Back in History – Reveals the true Black History

Regardless of how new and unique something may seem to be, it carries with it a legacy of the past. For everything that exists in the present has come out of the past. Therefore, the more we understand about the past the more we will know about the present.
“Those who cannot remember the past are condemned to repeat It.” – George Santayana. The Life of Reason (1905-06).
For one month each year Canadians deign to pay attention to Black History in the most perfunctory manner possible. For many, it is all about the Underground Railroad, and how progressive Canada the Savior is.
Currently, the Black History that is taught in public schools is what has been colonized and edited to make it palatable. At its best, Black History Month is casually thrown into the curriculum and not intended as part of yearlong learning. At its worst, it is used to brush aside or outright erase the past. Historical omission in civic remission.
An incontrovertible fact is that many adult Canadians are not even aware that slavery was legal in Canada, and that the first purchased Black slave, Oliver LeJeune, was brought to Canada in 1628.
When Canadians speak about slavery it is always about the Underground Railroad as it allows Canada to position itself as being morally superior to America, due to the fact that African-Americans escaped slavery in the U.S. by moving to Canada. No one wants to talk about slavery in Canada, or everything that happened before or everything that happened after. As long as Canada defines itself discursively as “Other” in relation to the United States, it will never have to deal with its own bad acts.
People of African descent are often absent from Canadian history books, despite a presence in Canada that dates back farther than Samuel de Champlain’s first voyage down the St. Lawrence River. In addition, not many Canadians are aware of the many sacrifices made in wartime by Black Canadian soldiers (Black Corps or Runchey’s Company of Colored Men) as far back as the War of 1812.
Black History is not so much about Negro History as it is of history influenced by Negroes. Nor is it a time to promote propaganda, but to counteract it by popularizing the truth. Not a tendency to eulogize the Negroes or to abuse his enemies, but with the sole intent to emphasize important facts, clinging steadfastly to the belief that facts properly set forth will speak for themselves.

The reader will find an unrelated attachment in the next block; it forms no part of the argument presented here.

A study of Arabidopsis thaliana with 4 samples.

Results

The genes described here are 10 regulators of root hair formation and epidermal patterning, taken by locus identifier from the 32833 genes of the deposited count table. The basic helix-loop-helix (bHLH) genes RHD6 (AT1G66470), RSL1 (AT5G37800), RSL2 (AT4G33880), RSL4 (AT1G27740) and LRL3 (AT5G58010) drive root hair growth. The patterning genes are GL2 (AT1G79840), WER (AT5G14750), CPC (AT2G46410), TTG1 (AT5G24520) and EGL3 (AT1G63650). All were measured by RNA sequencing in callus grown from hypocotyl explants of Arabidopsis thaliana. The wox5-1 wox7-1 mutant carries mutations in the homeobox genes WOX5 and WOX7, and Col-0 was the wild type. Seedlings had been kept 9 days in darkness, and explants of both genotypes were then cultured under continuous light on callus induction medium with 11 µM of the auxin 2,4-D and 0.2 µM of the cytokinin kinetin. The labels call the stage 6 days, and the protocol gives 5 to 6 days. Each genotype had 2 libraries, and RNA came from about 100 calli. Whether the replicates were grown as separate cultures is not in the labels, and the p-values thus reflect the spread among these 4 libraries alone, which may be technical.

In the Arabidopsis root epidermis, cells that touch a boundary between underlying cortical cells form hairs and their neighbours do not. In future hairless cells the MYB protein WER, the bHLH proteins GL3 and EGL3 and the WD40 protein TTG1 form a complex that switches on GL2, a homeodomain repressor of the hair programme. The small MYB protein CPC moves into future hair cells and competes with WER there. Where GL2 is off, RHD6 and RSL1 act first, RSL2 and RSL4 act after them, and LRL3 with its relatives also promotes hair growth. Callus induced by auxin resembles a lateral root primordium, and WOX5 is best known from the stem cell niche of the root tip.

Background to Black History.
By 1950, the idea of Black History Month was first celebrated in Toronto by railroad porters after having cognizance of it during their travels in the U.S.A; a few celebrations were also hosted by The Canadian Negro Women’s Association, however, it was not until the Ontario Black History Society (founded in 1978) led by Rosemary Sadler and others, petitioned the city of Toronto to have February proclaimed as Black History Month. In December 1995, the House of Commons officially recognized February as Black History Month, following a motion introduced by the Honourable Jean Augustine, the first Black Canadian woman elected to Parliament. The motion was carried unanimously by the House of Commons, which resulted in Black History Month becoming a national celebration.
At the time the chief aim was to raise awareness of Black History in Canada, which up until then had been virtually ignored in school curricula and in the media.
Anyone familiar with Black History knows that we are extremely fond of our legends and heroes. Names like Marcus Garvey, Harriet Tubman, Nelson Mandela, Rosa Parks, Sojourner Truth, and George Washington Carver, spring easily to our lips when we talk about leadership, courage and innovation. But what about many others’ names and stories we should know and take pride in, those that perhaps spring less quickly to mind?
We owe it to ourselves and those who will follow in our footsteps to learn about those Black Canadians who made history, who fought against the odds and who laid the foundation for some benefits that we enjoy today. The greater Canadian community needs to know a history of Canada that includes all of the founding and pioneering experiences in order to work from reality, rather than from perception alone.
Speaking to the point, Canada (putting aside its safe haven status) could not have become what it is today without the vital contributions of Black communities, whose history spans over four centuries and flourishes in pivotal moments. Their determination in the fight for freedom, perseverance throughout World Wars 1 & 2, the victories achieved during the Civil Rights Movement are some examples that should serve as an inspiration for us all.
There still remains much more history to be examined relative to Blacks in Canada, but viewing it only through the spectrum or prism of Black History is a perplexing part of the problem, as it should really be seen as part of the larger Canadian context.
Black history provides the binary opposite to all traditional histories. One needs traditional history to engender a common culture; one needs Black history to engender a clearer and more complete culture. The focus on the past should ultimately be a way of looking for a better future.
Future generations in the history books should look to ensure that the omissions are no longer in remission. Black History should no longer be a mystery, for each and every contribution by Blacks must be kept on track.